Daniel 1:1, 2
In the third year of the reign of Jehoiakim king of Judah came Nebuchadnezzar king of Babylon to Jerusalem, and besieged it.…
I. THE TREMENDOUS RESPONSIBILITY LODGED IN KINGS. We sometimes speak of Oriental monarchs as holding an irresponsible sceptre, by which we simply mean that there is no earthly tribunal before which they can be cited; yet, in reality, they are the appointed guardians of a nation's well-being, and are responsible to the supreme Sovereign of heaven. The morals, the religion, the temper, the habits of a monarch have always been eminently contagious. Evil results of vice in a private individual are restricted within a circle comparatively narrow. But the influence of a king radiates in a thousand directions, as from the apex of a pyramid. Peace or war, order or anarchy, liberty or thraldom, godliness or impiety, abundance or famine, in the empire depend largely on the personal character of the sovereign. Without a copious supply of Divine wisdom, this elevated position is not to be envied. A true king should aspire to be eminently holy.
II. AMPLE OPPORTUNITY FOR AMENDMENT. Jehoiakim had inherited by nature qualities both bad and good. To him had been entailed the evil example of his ancestor Manasseh, and the noble pattern of his father Josiah. Here was a grand opportunity for making a wise choice - an opportunity for stemming the ebbing tide of prosperity, and averting the anger of Jehovah. His father's excellent counsellors had advised, admonished, warned. Special prophets had brought counsel and remonstrance from the source of heavenly wisdom. Sufficient time was allotted for reflection, decision, amendment. For three years in succession the great Husbandman visited his vineyard, and tested the fruitfulness of this royal tree. The patience of God was richly displayed. But as sunshine and rain and dew fall in vain upon the sandy deserts of Arabia, so did God's alternations of kindness and severity leave Jehoiakim unmoved. He preferred the patronage of Pharaoh to the favour of the omnipotent God.
III. THE IMPOTENCE OF MATERIAL DEFENCES. Material fortifications and material weapons have their use. Even David, notwithstanding his stalwart faith in God, did not confront the Philistine without his sling. Bars and ramparts, shield arid sword, may be regarded as instruments by means of which faith exercises an active obedience; they are not to become objects to detain our faith or to supplant our dependence on God, else they become fetishes and idols. As fishermen of old bowed down to their net and burned incense to a drag, so many a warrior nowadays worships his artillery and his ironclads. "Some trust in chariots, and some in horses;" but "God is our Refuge and Strength;" "In the Name of our God we will set up our banners." Hezekiah's fervent prayer had proved, in former years, a better protection for the royal city than all its wails and towers. If God is on our side, weakness itself becomes for us a very "munition of rocks." But all the mountains and natural bastions round about Jerusalem are no mightier than a spider's web if God be arrayed against it. The crystal flakes of snow did more deadly work for Napoleon than all the thunders of Russia's artillery. "The Lord gave Jehoiakim King of Judah into his hand."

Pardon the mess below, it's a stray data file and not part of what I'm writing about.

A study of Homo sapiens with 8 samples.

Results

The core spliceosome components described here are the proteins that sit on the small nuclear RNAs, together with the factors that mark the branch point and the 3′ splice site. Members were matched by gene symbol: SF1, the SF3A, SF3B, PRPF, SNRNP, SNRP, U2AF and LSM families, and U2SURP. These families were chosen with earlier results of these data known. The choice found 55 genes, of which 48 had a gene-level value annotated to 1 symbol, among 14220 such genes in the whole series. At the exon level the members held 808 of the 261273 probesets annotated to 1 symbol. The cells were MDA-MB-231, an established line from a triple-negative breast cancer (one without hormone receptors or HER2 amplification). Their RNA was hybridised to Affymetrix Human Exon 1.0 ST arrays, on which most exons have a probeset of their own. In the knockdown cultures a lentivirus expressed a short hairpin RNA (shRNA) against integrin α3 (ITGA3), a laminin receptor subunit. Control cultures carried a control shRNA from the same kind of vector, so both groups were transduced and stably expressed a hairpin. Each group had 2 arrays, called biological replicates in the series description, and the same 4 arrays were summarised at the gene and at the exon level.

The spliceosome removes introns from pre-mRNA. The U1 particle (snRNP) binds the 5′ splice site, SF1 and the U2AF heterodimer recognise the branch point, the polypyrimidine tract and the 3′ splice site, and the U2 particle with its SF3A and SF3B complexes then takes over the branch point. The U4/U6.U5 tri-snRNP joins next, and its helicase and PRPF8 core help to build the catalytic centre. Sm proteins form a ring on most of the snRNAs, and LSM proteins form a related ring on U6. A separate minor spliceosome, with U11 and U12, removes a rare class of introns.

IV. PARTIAL DISASTER SHOULD BE A PRACTICAL WARNING. An old Roman legend affirms that "the gods have feet of wool." They conjectured that, when their deities bestirred themselves to avenge injustice, they came silently and suddenly upon their victims. So does not our God deal with his subjects. When the interests of righteousness demand that the scourge of judgment shall be inflicted, the God of heaven gives timely and repeated warning. "The axe is laid at the root of the tree " - a visible premonition that doom awaits unfruitfulness. One defeat in battle was not final overthrow. Honour, virtue, dignity, power, might still be saved. The favour of Jehovah might yet be repaired. Repentance and reformation might even then have stayed the setting sun. What though some of the vessels of Jehovah's temple have become the spoil of the foe? Their loss can easily be repaired, if only the Lord of the temple be there in Person. But if the real presence of the living God has been withdrawn, the symbols of heavenly things may as well follow his departure. The truths symbolized in this temple-furniture shall now proclaim, in silent eloquence, their pregnant message in heathen lands. The God of Israel, who aforetime gave the ark of the covenant into the hands of the Philistines, now gave the vessels of the sanctuary into the hands of Nebuchadnezzar. - D.
Parallel VersesKJV: In the third year of the reign of Jehoiakim king of Judah came Nebuchadnezzar king of Babylon unto Jerusalem, and besieged it.
WEB: In the third year of the reign of Jehoiakim king of Judah came Nebuchadnezzar king of Babylon to Jerusalem, and besieged it.